But the Italian-born Locatelli’s climbing days were far from over.

He returned to Montana and wasted no time in setting his sights on his next goal: to become the oldest person to ever summit Mt. Everest.

Locatelli spent the next year and a half trying to raise the money or find a sponsor to front the estimated $80,000 it would cost to connect him with an expedition to ascend the world’s tallest peak, but he told the Independent this week that that quest is now over.

“I couldn’t find a sponsor,” the Goat conceded in his thick Italian accent. “Now I’m afraid the window of opportunity has passed.”

Disappointed at missing what he believes was his one and only chance to tackle Everest, Locatelli is down, but not out. And he’s certainly not done climbing.

“Somebody took my record,” says an indignant Locatelli.

Indeed, a little less than a year after Locatelli grabbed the Denali record at 71 years and 7 months old, 74-year-old Sadao Hoshiko of Oita-shi, Japan summitted the same mountain, becoming the oldest person to do so.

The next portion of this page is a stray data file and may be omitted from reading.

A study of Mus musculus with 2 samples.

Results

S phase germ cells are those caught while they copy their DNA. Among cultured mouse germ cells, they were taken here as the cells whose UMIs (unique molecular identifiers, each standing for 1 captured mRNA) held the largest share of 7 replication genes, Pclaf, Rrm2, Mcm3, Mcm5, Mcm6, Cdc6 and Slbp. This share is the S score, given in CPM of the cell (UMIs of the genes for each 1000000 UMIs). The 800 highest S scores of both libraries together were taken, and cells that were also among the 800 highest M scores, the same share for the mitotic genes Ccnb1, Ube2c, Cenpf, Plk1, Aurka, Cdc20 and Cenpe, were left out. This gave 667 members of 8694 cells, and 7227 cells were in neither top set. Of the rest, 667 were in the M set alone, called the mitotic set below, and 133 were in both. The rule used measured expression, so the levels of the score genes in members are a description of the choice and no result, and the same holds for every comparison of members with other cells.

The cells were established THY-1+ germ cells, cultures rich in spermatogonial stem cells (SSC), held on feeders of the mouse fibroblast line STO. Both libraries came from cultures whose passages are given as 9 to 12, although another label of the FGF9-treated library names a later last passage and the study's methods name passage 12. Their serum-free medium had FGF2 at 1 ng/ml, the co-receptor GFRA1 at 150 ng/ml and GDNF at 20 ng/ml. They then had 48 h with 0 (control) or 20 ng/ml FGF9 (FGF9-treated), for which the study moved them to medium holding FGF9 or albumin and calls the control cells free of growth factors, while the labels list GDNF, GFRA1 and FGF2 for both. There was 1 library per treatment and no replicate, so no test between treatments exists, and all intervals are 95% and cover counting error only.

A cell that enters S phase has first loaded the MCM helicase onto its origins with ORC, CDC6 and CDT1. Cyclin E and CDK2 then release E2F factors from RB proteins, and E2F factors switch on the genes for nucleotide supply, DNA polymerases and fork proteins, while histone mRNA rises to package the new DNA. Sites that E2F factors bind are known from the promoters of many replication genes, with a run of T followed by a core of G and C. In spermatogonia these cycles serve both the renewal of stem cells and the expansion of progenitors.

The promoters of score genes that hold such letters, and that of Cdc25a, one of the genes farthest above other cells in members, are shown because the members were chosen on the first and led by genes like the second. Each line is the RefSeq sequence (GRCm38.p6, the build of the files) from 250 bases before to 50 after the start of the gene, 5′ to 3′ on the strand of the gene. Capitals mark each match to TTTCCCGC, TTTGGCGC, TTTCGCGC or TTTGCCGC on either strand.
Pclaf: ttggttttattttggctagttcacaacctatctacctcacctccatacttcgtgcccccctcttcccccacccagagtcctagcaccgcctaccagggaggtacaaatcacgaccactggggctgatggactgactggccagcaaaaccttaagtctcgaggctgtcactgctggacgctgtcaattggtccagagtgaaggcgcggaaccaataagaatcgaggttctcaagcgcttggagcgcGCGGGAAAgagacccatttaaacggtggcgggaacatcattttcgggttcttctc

“I thought I would get to keep that record for 10 or maybe 15 years,” says Locatelli. “I didn’t even get to keep it a year.”

Now 73, Locatelli has set his sights on familiar heights: he’s going to chase his Denali record once again in a few years.

“If I feel as good as I do now, I know I can do it,” says Locatelli, who says he feels great.

The septuagenarian still climbs about 9,000 vertical feet every week, just to stay in shape, and is convinced he’ll once again stand on top of the world.

“If the weather cooperates and I can stay strong, we’ll do it.”